Lots of press swirling around the impending bankruptcy of Kodak. While Kodak suffers, its long-time rival Fujifilm is doing rather well. Why? Is it innovation or is it discipline? (See March 4, 2011 Blog, post Which is the Winning Strategy? Innovation or Discipline for Part I)
At one time, Kodak was one of the most innovative and disciplined companies in the world, with a rigorous approach to manufacturing. And, discipline is more than discipline in production; discipline also is a disciplined approach to the market – recognizing AND acting on changes in market dynamics.
Kodak and Fuji both saw digital coming. Fuji acted, Kodak was complacent. (Success breeds arrogance?)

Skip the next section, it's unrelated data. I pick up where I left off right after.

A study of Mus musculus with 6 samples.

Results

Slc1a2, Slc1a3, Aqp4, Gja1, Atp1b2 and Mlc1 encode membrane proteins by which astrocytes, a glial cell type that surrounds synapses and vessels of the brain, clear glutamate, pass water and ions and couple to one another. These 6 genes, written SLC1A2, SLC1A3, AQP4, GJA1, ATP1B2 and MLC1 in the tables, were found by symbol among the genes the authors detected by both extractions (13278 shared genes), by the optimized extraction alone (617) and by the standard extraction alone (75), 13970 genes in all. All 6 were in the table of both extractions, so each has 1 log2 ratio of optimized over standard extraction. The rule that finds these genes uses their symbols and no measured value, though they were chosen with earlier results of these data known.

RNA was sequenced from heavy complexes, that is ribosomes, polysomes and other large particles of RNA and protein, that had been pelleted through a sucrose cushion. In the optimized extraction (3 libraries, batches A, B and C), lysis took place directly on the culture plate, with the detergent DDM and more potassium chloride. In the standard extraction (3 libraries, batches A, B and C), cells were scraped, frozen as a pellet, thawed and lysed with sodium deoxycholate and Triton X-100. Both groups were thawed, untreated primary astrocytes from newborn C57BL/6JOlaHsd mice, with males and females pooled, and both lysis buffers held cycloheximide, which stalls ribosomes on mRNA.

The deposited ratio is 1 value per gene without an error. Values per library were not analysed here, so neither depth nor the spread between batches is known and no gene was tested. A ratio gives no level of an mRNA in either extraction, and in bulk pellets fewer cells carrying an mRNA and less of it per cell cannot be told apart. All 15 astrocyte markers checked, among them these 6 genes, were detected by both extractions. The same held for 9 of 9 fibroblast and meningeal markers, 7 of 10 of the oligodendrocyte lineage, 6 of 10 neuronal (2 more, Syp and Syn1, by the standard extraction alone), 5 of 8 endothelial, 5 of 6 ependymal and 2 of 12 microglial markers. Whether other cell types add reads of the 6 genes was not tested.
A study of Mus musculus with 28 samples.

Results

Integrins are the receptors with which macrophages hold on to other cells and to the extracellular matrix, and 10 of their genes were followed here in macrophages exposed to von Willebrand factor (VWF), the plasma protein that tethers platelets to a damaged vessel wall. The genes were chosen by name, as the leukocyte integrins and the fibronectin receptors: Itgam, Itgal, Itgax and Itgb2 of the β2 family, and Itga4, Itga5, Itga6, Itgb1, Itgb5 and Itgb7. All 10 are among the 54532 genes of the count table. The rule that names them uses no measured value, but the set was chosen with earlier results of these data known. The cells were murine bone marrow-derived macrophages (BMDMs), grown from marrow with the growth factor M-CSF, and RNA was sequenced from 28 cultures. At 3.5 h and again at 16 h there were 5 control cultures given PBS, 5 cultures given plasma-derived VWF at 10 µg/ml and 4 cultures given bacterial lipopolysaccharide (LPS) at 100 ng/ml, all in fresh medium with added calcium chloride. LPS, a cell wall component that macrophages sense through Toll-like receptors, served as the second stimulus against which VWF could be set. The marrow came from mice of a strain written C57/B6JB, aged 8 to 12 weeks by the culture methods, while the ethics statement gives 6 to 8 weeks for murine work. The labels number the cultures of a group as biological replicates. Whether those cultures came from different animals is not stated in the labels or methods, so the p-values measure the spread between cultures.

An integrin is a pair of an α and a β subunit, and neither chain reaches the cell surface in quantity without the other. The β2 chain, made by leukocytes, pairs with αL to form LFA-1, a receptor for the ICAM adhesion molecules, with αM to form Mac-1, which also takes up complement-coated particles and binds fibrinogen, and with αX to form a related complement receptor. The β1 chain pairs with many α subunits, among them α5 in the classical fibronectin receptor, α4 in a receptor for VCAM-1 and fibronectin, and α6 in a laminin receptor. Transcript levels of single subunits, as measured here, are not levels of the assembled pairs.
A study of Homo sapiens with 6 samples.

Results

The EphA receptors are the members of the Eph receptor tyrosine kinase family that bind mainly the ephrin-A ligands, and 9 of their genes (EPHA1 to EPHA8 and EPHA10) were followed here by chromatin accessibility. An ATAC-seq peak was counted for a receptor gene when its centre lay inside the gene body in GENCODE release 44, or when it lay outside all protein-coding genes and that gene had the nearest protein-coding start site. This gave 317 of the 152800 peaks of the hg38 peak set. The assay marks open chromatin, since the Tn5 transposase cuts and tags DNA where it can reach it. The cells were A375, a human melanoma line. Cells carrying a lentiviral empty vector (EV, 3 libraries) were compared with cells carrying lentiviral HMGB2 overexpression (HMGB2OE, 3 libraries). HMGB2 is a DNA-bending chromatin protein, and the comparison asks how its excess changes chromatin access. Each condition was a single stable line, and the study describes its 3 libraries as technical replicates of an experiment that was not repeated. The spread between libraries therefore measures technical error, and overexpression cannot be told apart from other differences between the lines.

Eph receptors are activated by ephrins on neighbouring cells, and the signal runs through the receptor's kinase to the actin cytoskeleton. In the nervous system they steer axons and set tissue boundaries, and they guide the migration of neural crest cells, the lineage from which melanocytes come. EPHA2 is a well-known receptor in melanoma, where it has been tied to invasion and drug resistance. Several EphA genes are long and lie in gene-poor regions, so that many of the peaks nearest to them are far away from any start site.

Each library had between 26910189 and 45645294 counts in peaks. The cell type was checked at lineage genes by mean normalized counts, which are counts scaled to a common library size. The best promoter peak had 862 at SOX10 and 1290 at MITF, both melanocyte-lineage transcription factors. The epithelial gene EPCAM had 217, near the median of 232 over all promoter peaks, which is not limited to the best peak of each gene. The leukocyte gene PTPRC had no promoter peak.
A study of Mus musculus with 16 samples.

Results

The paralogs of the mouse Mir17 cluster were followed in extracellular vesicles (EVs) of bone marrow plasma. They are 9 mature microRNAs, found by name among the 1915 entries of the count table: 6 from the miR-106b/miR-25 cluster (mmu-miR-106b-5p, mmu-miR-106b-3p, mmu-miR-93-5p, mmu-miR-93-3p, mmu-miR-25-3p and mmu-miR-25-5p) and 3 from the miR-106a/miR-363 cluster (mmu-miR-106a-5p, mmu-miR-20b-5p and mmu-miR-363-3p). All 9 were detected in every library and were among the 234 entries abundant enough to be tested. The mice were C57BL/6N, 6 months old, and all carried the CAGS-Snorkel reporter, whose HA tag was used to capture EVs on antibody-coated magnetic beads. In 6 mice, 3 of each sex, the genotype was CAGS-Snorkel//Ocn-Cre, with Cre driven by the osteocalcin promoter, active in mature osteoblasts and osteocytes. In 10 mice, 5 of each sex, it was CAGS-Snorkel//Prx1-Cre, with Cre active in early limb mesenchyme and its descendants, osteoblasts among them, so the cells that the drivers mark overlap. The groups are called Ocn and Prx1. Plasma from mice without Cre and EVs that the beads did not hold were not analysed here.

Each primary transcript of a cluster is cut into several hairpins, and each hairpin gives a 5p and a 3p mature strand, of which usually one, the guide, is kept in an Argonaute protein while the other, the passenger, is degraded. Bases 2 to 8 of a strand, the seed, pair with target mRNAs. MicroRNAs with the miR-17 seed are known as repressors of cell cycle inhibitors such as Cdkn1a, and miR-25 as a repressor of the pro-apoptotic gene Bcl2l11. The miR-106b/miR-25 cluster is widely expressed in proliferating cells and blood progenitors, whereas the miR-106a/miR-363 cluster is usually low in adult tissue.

Fuji continued their film business while diversifying into other business lines. They were consistent and disciplined in their approach to new markets. They identified market opportunities, invested in exploring the new markets and when satisfied the opportunity was there, had the vision and leadership to move forward with the investment and organizational changes required to reconstruct their business model.
Kodak on the other hand, dabbled in opportunities while never making the investment and organizational changes required to adapt to the new world. They became a victim instead.
For me, as a leadership coach, this story of Kodak and Fuji, raises the following questions for CEO’s and leaders of successful businesses:
- What is the equivalent of the digital camera for us?
- Are we noticing when we are becoming complacent?
- Are we in tune with market changes and prepared to act in a disciplined manner?
- Do we have the cash or sources of capital to make the investment in diversification?
- Are we willing to make the uncomfortable organizational changes necessary to diversify into new markets?
The Economist details the story of both companies in this article, “The last Kodak moment?”